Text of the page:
University of Vermont Extension 
Department of Plant and Soil Science

Perennial Publications : Book of the Month

Grandmother's Garden. May Brawley Hill, 1995. Harry Abrams Publ. 240 pp.

What goes around, comes around, as the saying goes. This was true in the late 1800's, and once again is similarly repeating itself in the late 1900's. Just as people then were yearning for a simpler life, a nostalgic one of the past, during the industrial revolution, so people are now during the technology revolution and the information age. Many of the plants and the gardening styles are similar, giving credence to another saying that nothing is really new, just rediscovered. So a book on the gardening of a hundred years ago is quite relevant today.

Grandmother's garden is really the American cottage garden, an old-fashioned garden of hardy perennials, annuals (many self-sown as with Johnny Jump-ups) and native American plants. Often appearing haphazard, or growing at random, it was actually designed as a painting with an eye to composition using color, shape and texture. It is no wonder then that so many painters, writers, poets and other artists created such gardens. Or, that such gardens inspired them and are seen in their works. This is quite well stated by Frank Waugh in his book The Landscape Beautiful of 1910. "Every botanizing old maid, male or female, knows plant names. Every good nurseryman knows the plants. Only the artist and the genius know how to blend these materials into pictures of abiding beauty."

Gardens, just as music and other works of art, really are a result of and reflection of society, the conditions and lifestyles of the time. In her book, Grandmother's Garden, The Old-Fashioned American Garden 1865-1915, the art historian May Brawley Hill uses her knowledge of art to describe and illustrate the period of great gardening changes in America between the Civil War and First World War. This book is a wonderful insight into the American writers and impressionist painters of the period, and the subsequent Arts and Crafts movement. But unlike other art books on this period, the author uses her knowledge as an avid gardener to describe the landscaping and plants reflected in these artists' works.

Early black and white photographs are shown of the various artists and their gardens, and painters' works are reproduced in color to illustrate their garden works. The landscapes and plants are described as well as how the artists composed their paintings and what they attempted to illustrate. Painters include those such as Childe Hassam, especially known for his paintings of Celia Thaxter's garden on the Isles of Shoales; and John Leslie Breck, who was the first of the American artists to gain access to and paint Monet's Giverny gardens. Just as Monet planted his famous garden to paint it, so did many American impressionist painters.

The author begins with insights into why these gardens came about, and why they were mainly the works of single women. With the unrest of the Civil War, people were yearning for a more stable time, the Federal period of the past, and hence use of the native plants used in this period. Women writers were also beginning to encourage women to garden, as a relief from their constrained lifestyles, and outlet for physical activity and creativity. For them, the garden was an escape from their confining everyday life, as well as connection to a nostalgic past.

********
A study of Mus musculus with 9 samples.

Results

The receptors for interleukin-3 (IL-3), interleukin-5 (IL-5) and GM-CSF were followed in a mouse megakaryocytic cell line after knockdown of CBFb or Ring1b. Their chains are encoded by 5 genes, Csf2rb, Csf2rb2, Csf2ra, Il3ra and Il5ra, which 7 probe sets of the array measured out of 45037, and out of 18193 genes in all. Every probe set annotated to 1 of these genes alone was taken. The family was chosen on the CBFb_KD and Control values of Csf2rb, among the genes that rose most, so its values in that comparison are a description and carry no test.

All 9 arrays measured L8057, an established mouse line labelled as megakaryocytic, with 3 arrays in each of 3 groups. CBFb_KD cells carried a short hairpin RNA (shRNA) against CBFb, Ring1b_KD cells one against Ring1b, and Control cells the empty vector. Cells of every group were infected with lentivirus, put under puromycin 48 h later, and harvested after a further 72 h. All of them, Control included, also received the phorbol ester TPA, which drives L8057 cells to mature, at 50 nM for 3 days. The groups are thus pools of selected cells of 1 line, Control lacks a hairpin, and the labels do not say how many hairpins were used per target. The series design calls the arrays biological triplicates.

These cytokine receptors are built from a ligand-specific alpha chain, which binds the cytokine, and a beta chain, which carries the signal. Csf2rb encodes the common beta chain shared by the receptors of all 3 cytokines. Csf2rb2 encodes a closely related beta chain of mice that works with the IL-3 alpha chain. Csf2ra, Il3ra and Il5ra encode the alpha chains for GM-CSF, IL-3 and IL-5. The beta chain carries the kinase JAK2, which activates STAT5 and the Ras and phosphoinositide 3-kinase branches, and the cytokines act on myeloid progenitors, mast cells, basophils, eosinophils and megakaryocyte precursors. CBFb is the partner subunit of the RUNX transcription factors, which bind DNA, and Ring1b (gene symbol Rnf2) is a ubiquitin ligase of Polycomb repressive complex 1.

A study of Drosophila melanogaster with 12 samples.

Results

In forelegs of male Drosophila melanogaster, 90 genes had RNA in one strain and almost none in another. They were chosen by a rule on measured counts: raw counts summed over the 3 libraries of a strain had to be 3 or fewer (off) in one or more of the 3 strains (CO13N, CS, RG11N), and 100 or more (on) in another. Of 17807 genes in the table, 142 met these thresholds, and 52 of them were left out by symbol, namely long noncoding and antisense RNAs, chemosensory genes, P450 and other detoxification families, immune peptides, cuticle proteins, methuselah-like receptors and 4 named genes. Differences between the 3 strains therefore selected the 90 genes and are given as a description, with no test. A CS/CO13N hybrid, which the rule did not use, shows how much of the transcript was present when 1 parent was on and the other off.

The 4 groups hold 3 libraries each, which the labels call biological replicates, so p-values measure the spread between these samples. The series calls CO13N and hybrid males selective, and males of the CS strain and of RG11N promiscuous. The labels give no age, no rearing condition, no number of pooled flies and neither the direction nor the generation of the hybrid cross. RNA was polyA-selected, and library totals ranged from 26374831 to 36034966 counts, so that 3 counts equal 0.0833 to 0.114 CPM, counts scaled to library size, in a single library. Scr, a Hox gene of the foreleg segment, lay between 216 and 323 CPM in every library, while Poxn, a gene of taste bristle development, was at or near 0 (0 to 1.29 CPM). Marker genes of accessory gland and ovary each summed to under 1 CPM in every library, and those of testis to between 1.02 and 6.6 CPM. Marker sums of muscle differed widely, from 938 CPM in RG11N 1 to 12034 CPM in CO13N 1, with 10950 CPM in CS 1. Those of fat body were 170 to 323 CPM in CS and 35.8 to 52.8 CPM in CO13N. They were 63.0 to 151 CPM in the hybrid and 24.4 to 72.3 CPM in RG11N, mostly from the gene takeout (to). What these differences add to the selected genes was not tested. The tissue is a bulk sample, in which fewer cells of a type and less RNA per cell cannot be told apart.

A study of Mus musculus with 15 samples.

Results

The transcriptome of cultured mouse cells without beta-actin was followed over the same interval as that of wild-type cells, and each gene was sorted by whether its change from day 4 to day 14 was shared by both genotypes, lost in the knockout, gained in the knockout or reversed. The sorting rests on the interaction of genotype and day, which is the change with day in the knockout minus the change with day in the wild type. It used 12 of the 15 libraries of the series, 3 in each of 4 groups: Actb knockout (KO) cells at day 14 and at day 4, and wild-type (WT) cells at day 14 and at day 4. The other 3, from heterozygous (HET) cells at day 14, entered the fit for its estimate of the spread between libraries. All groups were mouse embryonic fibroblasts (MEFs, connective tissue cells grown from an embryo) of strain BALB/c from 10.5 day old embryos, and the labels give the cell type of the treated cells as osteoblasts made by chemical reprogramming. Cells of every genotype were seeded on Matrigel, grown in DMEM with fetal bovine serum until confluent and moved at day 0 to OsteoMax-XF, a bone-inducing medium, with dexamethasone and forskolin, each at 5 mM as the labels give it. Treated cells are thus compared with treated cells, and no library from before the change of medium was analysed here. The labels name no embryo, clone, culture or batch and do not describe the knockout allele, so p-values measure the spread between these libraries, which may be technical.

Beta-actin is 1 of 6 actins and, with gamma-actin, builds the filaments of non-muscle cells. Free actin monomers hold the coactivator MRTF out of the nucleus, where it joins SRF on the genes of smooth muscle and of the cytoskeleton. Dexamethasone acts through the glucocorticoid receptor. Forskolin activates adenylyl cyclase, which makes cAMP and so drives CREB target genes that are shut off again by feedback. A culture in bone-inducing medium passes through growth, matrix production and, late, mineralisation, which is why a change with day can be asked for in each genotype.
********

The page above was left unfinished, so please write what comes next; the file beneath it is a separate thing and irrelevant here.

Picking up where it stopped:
Nurseries, seed and plant catalogs, and plant imports and explorations-- a reflection of the increasing ease of transportation of this period-- introduced many new plants to gardens of this period. These include many from warmer climates, like many of our present day bedding plants. Sunflowers were popular then, as they have become once again. Tropical plants, especially those with bold foliage, were introduced into the more formal Victorian gardens--another trend rediscovered in today's garden trends. Perennials commonly found were roses, peonies, phlox and hollyhocks.

These American old-fashioned gardens differed from gardens abroad, such as the English gardens, in being the work of one person (and as we've seen that person usually a woman) instead of a team of gardeners, usually men. They were often rectangular beds, bordered by planks, stones, or low-growing plants, compared to the English borders. These old-fashioned gardens were also different from the more formally designed estate gardens of the period, the formal Victorian gardens, or the functional gardens of working farms. The old-fashioned garden incorporated vegetables and fruits for aesthetics and show, rather than just for food as in the working and prior colonial gardens. Unlike the larger estate gardens and those of England, separate from the living quarters and entities unto themselves, the old-fashioned gardens were close to the house. They were often used as intimate living spaces, an outdoor room, much as today's home gardens.

Most of our garden traditions of today and trends originated during the period of Grandmother's Garden from 1865-1915. While we often hear of the influence of English gardens and horticulture literature of that period on such American gardens, many of these concepts were actually written about prior to these books and ideas being known in America. They arose simultaneously, and independently, and so are a true reflection of our own gardening heritage. This heritage differed between the North, the mid Atlantic and South, the Frontier and the Pacific Coast-- differences further illustrated in the book Grandmother's Garden.